Most people will have noticed how over the last year especially, video is everywhere online – be it company sites showing their goods or services in action, or the CEO remarking on virtuous CSR initiatives; politicians’ sites showing (carefully selected!) interviews and speeches (Sarkozy’s site is practically a video vault); or news sites showing the type of footage we’re used to seeing on TV news. With video-editing tools being part of the standard Microsoft Windows package now (Windows Movie Maker) along with staples like Notepad and a calculator, and YouTube offering free hosting and a player, as well as an an endless source of existing videos, even the most humble blogger can use video to enrich a story.
We’ve gladly jumped on the bandwagon. Not because it’s a fad, but because the power of video can vastly enhance and humanise a story. At a time when even old-school corporate communicators are coming to terms with the fact that engaging and being open, honest and transparent is a) expected of them; and b) can help reach campaign goals or improve personal, company, industry or brand image (if done well!), video is becoming increasingly important. In particular, we’ve found that interviews with expert stakeholders are a great boost to campaigns. Even if the same content is expressed in text form on a site, or in a position paper or traditional press release, actually hearing it straight from the source has proven very effective, for obvious reasons: there’s no potential PR spin around a quote, and even if editing can embellish an interview by cutting out the “bad bits”, there’s less scope than in a press release, where one select quote is usually shown to represent an entire interview or statement. And in the interest of full transparency, what we’ve taken to doing when we’re showing snippets of interviews is uploading the full unedited interview to YouTube as well and letting people know it’s there if they’re interested.
To those who still think it all sounds a little complicated, think again. A simple recording on a hand-held camera can be transfered to a PC in a matter of minutes, edited using say Windows Movie Maker, and uploaded to YouTube. The whole process could take a few hours if you’re really in a rush. What about production values I hear? Some people have asked us why the footage does not look like it does on TV. We tell them what most people understand already: production values are not the point! YouTube (or other video sharing sites for that matter) do not allow for high-quality video (with 2+ billion views per month their servers are pretty busy as it is); but more importantly, say in an interview with a stakeholder, it’s the content that matters, not how grainy the footage is. Plus frankly, grainy footage with background noise appears more “‘real” i.e. less staged than a video filmed with high-end production resources: proper lighting, clean sound, make-up etc. Not great if you’re a high-tech company showing off your production plant; but much better if you’re interviewing a scientist about a highly contentious issue during a coffee break at at an event.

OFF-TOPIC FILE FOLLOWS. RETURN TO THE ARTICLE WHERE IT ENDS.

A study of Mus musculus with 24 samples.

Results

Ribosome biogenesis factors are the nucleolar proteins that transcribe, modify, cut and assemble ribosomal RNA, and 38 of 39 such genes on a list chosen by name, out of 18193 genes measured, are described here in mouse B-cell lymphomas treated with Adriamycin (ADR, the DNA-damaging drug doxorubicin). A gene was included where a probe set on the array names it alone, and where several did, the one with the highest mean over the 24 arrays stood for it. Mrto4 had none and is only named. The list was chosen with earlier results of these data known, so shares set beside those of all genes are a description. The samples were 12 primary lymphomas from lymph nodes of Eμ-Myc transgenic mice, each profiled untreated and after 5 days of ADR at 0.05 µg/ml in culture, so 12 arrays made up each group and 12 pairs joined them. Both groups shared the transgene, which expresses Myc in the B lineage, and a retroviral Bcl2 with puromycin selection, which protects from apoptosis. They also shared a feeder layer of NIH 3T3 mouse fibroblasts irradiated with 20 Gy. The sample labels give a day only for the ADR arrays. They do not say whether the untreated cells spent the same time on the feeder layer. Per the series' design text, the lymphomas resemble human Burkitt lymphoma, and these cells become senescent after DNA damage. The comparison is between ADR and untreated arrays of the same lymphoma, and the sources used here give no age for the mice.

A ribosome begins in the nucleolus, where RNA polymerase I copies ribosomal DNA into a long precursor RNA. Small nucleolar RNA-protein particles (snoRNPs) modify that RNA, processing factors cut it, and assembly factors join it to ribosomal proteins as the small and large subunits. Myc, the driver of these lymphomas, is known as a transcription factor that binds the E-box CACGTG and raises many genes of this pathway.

And finally, what do you do once you have your video uploaded to YouTube or other video sharing site? You embed it so it appears directly on a site or blog, meaning the user does not have to click through to YouTube; you simply send the link to people you think should see it; and once you have a few, you set up a channel on YouTube to collect all your videos in one place (an example: Barack Obama’s YouTube channel).